A special needs trust (SNT), sometimes referred to as a supplemental needs trust, is a trust that is established for the benefit of a physically or mentally disabled person, or a person who has other special needs, such as chronic illness, while still allowing such persons to qualify for and receive public assistance disability benefits provided by Social Security, Medicare or Medicaid. The objective of a special needs trust is to provide resources to supplement, and not replace, any such governmental benefits.
Some government programs aimed at assisting the disabled, such as Medicaid and Supplemental Social Security Income (SSI), are needs-based. That means that if the disabled individual has access to more than a specified level of resources (state-level limits vary, but are generally $2,000 monthly per applicant), he or she will not be eligible to receive such benefits. In 1993, Congress officially approved the use of SNTs to maximize the use of all available resources, both private and governmental, to provide more fully for the needs of the disabled.
For persons of limited means, government programs may constitute the primary, if not the only, source of funding for their current and future needs. However, government assistance is also available to families who have resources available to meet their loved one’s basic needs. These families may be fortunate enough to be able to use their personal resources to provide for non-basic needs as well. With a special needs trust, the disabled person is able to first tap into any government benefits to which he or she is entitled, and then can spend personal resources as a secondary source for additional support and comfort.
Types of Special Needs Trusts
There are three types of SNTs: a self-settled or first-party SNT, a pooled SNT, and a third-party SNT.
Self-Settled or First-Party SNT
A self-settled or first-party SNT is created for the sole benefit of a disabled person who is under age 65. The trust must be established by the disabled person’s parent, grandparent, guardian, or by the court, but it cannot be created by the disabled person. However, the disabled person can fund the trust. For example, the disabled person could fund the trust with money that has been inherited or received in settlement of a lawsuit or as a result of a divorce.
As previously stated, in order to qualify for Medicaid or SSI, the person who is enrolling must have a limited amount of income and resources. Generally, Medicaid and SSI will look back 36 or 60 months to see if any assets have been transferred to someone else in order to qualify for benefits; if so, a penalty is imposed. The penalty will be that the person who is enrolling won’t be able to receive benefits for a certain amount of time. Transferring assets to an SNT, however, does not trigger these look-back provisions.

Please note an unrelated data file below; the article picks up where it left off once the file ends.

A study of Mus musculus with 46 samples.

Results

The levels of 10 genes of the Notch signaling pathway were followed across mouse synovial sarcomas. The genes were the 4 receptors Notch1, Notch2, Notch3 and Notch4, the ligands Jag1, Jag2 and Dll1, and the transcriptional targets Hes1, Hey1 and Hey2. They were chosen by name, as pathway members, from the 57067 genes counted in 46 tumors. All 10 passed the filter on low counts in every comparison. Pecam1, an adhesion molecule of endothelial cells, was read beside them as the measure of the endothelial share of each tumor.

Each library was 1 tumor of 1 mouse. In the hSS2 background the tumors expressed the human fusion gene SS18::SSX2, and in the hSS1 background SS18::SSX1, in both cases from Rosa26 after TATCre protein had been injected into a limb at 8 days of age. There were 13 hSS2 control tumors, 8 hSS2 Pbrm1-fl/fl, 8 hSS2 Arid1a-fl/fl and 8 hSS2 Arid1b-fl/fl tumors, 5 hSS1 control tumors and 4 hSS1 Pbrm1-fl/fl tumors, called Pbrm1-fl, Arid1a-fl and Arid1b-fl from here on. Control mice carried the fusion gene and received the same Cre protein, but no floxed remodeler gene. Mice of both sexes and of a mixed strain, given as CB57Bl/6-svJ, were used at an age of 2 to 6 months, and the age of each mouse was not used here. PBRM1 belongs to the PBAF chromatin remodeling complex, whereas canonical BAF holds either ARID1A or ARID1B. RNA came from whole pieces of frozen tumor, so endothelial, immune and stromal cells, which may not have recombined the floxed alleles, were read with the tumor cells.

The other benefit of a self-settled or first-party SNT, of course, is that assets in the trust will not be countable as resources for eligibility purposes.
One disadvantage, however, is that upon the disabled individual’s death, any money or assets remaining in the trust must be used to reimburse the government for Medicaid benefits extended to the individual during his/her lifetime.
A pooled SNT is a trust that is managed by a nonprofit organization. Funds are pooled for investment purposes, but separate subaccounts are maintained for each disabled beneficiary. A pooled SNT works in the same way as a self-settled or first-party SNT. However, with a pooled SNT, the disabled individual can create an account for himself or herself.
Further, any funds remaining in the account upon the individual’s death can be used to pay back Medicaid, or they can remain in the pooled SNT to help others in the pool, depending on state law.
A third-party SNT is a trust created by a disabled person’s parent or another third party, but this type of SNT has no payback requirement. The person establishing the trust must not have a duty to support the disabled child, so the child must be age 21 or older, depending on your state’s laws. There is no requirement that the disabled person must be under the age of 65. However, transfers to a third-party SNT may or may not trigger the Medicaid or SSI penalty period. Again, it depends on your state’s laws.
Family members and caretakers of individuals with special needs can benefit from setting up a Special Needs Trust to help supplement public assistance. If an individual’s basic needs and comfort are not able to be met with Social Security or Medicare/Medicaid benefits alone, an SNT can help close the gap. Setting up an SNT is a complex process that requires careful drafting and administration to avoid disqualification for government benefits. Be sure to consult a specialist to determine which type of SNT is appropriate and to properly set it up so that individuals with special needs can receive the benefits they require to ensure their care and comfort.
If you have questions about Special Needs Trusts, it’s best to consult your trusted financial professional. Contact us today to speak with one of our knowledgeable advisors, discuss the resources available, and find the best type of SNT for your situation.